New Washington United For Marriage Ad Tells of Couple’s Struggle to Be Recognized as Family in Hospital Crisis

In the second statewide television ad by Washington United for Marriage (WUM) which begins airing in the Seattle market tomorrow, a mother shares the story of her daughter’s struggles to tend to her dying life partner because they are not married. The ad will run on broadcast in the Seattle and Spokane markets and statewide on cable.

Chris Morningstar of Seattle tells the story of her daughter, Sarah, and her partner, Cheryl Chow, a former Seattle City Council member who is now dying of brain cancer.  Chow, 66, is a beloved Seattle civic leader who also served four years on the Seattle School Board, 18 years as a teacher and principal, and 47 years as a participant and adult leader of Seattle Chinese Community Club’s girls drill team. Chow has been in a loving, committed relationship with her partner, Sarah, for 10 years and they have a four-year-old daughter.

Says Chris Morningstar in the ad: “I’m so proud of my daughter Sarah. She and her partner, Cheryl are just wonderful parents.  When Cheryl was diagnosed with brain cancer, my heart just went out to all of them.  It really hurts watching them fight this cancer, and what’s just as hard, is watching what they’ve had to go through because they’re not legally married.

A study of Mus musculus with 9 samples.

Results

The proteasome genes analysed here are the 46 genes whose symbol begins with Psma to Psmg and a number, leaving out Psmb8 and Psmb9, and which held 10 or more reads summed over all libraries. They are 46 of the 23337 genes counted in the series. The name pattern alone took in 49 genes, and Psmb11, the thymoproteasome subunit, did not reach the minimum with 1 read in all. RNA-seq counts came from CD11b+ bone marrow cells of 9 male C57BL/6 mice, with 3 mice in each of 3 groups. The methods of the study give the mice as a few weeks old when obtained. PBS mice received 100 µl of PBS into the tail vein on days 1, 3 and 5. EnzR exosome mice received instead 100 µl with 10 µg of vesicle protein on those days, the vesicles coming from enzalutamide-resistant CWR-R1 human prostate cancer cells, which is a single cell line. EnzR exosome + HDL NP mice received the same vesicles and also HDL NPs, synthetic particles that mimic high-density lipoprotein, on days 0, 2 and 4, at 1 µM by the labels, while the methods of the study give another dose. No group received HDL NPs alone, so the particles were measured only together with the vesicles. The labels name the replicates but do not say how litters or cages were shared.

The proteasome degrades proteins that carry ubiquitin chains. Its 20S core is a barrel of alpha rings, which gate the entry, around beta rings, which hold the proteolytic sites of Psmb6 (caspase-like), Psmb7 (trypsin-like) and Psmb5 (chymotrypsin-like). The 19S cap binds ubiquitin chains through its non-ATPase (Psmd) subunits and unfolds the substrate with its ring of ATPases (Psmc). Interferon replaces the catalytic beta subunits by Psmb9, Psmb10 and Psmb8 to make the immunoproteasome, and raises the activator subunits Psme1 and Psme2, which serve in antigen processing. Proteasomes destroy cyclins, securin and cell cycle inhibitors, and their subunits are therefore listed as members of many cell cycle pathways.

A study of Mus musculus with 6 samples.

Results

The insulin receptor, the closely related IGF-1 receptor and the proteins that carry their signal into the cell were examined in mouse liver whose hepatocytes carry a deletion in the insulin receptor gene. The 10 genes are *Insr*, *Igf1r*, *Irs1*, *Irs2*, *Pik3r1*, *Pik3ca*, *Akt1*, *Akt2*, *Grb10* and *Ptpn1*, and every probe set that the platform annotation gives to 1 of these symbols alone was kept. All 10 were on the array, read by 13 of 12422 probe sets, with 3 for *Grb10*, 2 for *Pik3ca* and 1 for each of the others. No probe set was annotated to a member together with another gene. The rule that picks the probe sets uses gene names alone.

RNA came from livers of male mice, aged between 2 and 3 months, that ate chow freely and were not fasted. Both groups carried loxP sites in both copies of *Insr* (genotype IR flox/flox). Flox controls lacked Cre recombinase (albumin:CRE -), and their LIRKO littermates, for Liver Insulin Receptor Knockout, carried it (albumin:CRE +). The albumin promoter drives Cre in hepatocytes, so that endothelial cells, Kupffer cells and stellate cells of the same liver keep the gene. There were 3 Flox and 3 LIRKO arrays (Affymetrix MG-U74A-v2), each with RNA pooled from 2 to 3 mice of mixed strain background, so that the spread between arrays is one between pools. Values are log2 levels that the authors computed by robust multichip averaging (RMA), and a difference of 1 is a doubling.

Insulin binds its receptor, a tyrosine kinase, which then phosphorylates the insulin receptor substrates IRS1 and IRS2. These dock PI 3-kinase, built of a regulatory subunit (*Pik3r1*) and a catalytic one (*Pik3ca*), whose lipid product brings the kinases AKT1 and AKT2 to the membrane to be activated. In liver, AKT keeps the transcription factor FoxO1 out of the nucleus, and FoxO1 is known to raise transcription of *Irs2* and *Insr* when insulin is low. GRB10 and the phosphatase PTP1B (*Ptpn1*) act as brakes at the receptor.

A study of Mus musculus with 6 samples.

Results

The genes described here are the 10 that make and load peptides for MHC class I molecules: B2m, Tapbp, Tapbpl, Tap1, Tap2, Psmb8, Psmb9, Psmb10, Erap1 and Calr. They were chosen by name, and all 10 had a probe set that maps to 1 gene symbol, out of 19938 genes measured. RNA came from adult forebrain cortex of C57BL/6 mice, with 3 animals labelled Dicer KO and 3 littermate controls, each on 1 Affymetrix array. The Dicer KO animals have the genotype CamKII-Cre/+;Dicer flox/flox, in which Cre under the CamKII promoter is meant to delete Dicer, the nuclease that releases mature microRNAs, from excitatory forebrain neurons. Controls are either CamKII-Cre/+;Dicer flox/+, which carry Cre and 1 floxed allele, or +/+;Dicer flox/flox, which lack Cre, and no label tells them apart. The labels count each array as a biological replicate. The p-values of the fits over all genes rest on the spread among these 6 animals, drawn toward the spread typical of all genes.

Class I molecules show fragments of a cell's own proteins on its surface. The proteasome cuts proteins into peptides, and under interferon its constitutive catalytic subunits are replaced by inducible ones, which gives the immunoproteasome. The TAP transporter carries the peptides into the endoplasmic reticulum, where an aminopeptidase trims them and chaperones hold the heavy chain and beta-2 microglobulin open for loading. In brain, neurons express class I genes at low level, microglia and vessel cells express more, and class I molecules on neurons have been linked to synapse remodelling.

“One night in the hospital Cheryl had a seizure, she was asking for Sarah and no one called.  Only marriage guarantees that all couples can be there for each other when it really matters.”

Here’s a link to the new ad:

Zach Silk, WUM’s campaign manager, pointed to state-sanctioned studies that have found that domestic partnerships or civil unions are flawed substitutes for civil marriage which protects couples and families in their greatest time of need.

For example, after New Jersey enacted civil unions, in 2008, an independent Civil Union Review Commission issued a report of urgency for equality, arguing that the civil union act “invites and encourages unequal treatment of same-sex couples and their children.”

A commission in Vermont drew similar conclusions in 2008, nearly a decade after it passed its civil union law. Tom Little, the chair of the Vermont Commission on Family Recognition & Protection, said, “Providing statutory access to marriage would be a clearer and more direct statement of full equality by the state, a statement of full inclusion of its gay and lesbian residents.” Vermont now has the freedom to marry.

“If we, as Washingtonians, truly care about treating all loving couples and their families fairly, particularly in moments of their greatest need, only marriage gives families the security they want and need,” said Silk. “That’s why we must defend our bipartisan marriage law and make sure that voters understand that these loving, committed couples want the same thing everyone else does and that’s why we urge voters to approve Referendum 74.”